Tactile Gaming Vest Punches and Slices

“Ouch! That hurt!”

So exclaimed one user of the University of Pennsylvania’s Tactile Gaming Vest (TGV) during yesterday’s demos at the IEEE Haptics Symposium, in Waltham, Mass.

As conference participants steered their character in a shoot-em-up computer video game based on Half-Life 2, the vest variously smacked them and vibrated as they themselves got shot. Sometimes it smarted, depending on how tight the vest was on the user, or if the “shots” hit right on the collar bone. For me it was more like a series of surprise punches.

Four solenoid actuators in the chest and shoulders in front, plus two solenoids in the back, give you the feeling of a gunshot, says Saurabh Palan, a graduate student who works on the project. In addition, vibrating eccentric-mass motors clustered against the shoulder blades make you feel a slashing effect as you get stabbed from behind. Currently there is no feedback from your own weapons as you fire, just from weapons aimed at you. 

The solenoids and shoulder vibrators are controlled by custom electronics and linked to the game, so if your character gets shot from a certain direction, the appropriate solenoid “fires.” That makes it better than, say, laser tag, which makes your whole vest vibrate but doesn’t give you a hint as to where the shot came from. In that sense, then, the gaming vest is closer to a paintball excursion, but it doesn’t hurt as much (and there’s no messy paint to clean up afterwards).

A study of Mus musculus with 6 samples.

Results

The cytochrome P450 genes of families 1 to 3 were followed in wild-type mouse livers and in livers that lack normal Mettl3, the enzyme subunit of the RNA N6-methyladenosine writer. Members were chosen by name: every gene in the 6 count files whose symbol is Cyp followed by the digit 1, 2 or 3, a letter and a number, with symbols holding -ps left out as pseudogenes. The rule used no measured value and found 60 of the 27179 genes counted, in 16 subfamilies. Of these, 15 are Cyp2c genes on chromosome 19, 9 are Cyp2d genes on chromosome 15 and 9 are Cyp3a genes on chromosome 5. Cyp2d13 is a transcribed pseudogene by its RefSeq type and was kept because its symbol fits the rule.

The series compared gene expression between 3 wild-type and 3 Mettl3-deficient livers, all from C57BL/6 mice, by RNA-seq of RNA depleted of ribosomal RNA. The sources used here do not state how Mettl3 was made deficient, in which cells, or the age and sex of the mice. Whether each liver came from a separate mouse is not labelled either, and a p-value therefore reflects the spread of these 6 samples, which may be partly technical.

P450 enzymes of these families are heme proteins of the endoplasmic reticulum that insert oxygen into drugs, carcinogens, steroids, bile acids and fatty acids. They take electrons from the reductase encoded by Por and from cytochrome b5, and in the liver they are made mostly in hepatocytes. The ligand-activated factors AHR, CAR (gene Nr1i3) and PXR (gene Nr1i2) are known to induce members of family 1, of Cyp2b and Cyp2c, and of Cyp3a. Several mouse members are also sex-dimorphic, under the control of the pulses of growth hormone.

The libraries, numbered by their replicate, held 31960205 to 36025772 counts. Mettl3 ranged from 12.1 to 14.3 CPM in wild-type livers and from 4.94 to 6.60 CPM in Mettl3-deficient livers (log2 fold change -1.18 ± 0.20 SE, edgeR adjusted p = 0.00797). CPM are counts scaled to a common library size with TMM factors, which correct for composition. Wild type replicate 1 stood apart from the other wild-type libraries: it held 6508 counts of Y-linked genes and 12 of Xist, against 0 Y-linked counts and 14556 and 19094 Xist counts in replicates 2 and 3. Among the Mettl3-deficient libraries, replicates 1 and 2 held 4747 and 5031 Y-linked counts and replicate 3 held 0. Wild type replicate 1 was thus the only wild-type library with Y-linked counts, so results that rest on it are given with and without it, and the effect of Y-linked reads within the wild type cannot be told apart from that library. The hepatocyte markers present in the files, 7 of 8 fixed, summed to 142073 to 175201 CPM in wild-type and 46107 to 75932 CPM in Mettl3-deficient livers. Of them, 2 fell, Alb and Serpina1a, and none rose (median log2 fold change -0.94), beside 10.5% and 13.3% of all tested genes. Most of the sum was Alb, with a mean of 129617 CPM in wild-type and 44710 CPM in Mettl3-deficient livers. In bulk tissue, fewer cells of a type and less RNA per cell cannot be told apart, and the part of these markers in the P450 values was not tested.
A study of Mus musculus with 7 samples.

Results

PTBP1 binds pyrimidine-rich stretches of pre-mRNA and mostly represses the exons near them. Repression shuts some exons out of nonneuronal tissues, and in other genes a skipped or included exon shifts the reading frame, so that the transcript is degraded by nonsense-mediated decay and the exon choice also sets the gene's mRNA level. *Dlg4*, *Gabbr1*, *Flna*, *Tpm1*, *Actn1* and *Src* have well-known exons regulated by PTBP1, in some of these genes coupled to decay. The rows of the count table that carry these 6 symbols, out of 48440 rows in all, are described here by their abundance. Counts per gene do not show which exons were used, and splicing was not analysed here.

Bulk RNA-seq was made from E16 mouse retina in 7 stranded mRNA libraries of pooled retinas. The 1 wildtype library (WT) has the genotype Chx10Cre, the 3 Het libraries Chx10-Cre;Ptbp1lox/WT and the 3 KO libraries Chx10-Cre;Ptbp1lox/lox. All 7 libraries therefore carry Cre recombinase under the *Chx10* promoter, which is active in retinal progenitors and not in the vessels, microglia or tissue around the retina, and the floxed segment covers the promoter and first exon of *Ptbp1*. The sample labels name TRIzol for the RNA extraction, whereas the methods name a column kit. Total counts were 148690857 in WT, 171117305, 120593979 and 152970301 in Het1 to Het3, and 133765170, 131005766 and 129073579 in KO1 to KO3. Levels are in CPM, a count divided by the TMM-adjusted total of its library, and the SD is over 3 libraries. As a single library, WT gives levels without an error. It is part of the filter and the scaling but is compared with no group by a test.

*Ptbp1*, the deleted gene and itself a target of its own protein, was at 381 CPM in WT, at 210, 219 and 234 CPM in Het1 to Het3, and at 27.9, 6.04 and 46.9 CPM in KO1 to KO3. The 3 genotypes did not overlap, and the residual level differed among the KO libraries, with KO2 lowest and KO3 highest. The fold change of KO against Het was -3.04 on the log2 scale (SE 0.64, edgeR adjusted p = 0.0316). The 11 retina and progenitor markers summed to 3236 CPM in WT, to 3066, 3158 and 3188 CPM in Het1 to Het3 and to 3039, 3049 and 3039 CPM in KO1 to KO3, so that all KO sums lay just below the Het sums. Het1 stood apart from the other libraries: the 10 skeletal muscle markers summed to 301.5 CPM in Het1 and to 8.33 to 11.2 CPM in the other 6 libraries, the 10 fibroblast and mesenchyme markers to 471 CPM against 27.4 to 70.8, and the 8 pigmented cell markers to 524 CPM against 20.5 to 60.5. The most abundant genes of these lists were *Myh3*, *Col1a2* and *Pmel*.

Other tactile vests adorn the research sphere, but this one uses solenoids for their fast response, Palan explains. A similar vest, using pneumatics, has a slower response time, he says. Plus, it requires a huge air tank that sits next to you on the table, which makes a lot of noise and can be annoying, he adds.

Palan says this kind of device could be helpful for training military teams, in addition to making video gaming more immersive. Or it could make movies like Avatar even more enjoyable to watch, because you get physical feedback in addition to the 3D image experience.

It could also be fun for straight up action thrillers like Die Hard. If this kind of vest could be linked to the movie while you watch it, Palan says, the experience would be that much more exciting. “You could feel like you’re in the role,” he says. “So every time Bruce Willis gets shot, you feel it.”

Yippee ki yay.

Photos: (Top) Conference participant plays the game. (Bottom) Vest with solenoid actuators (courtesy of Saurabh Palan).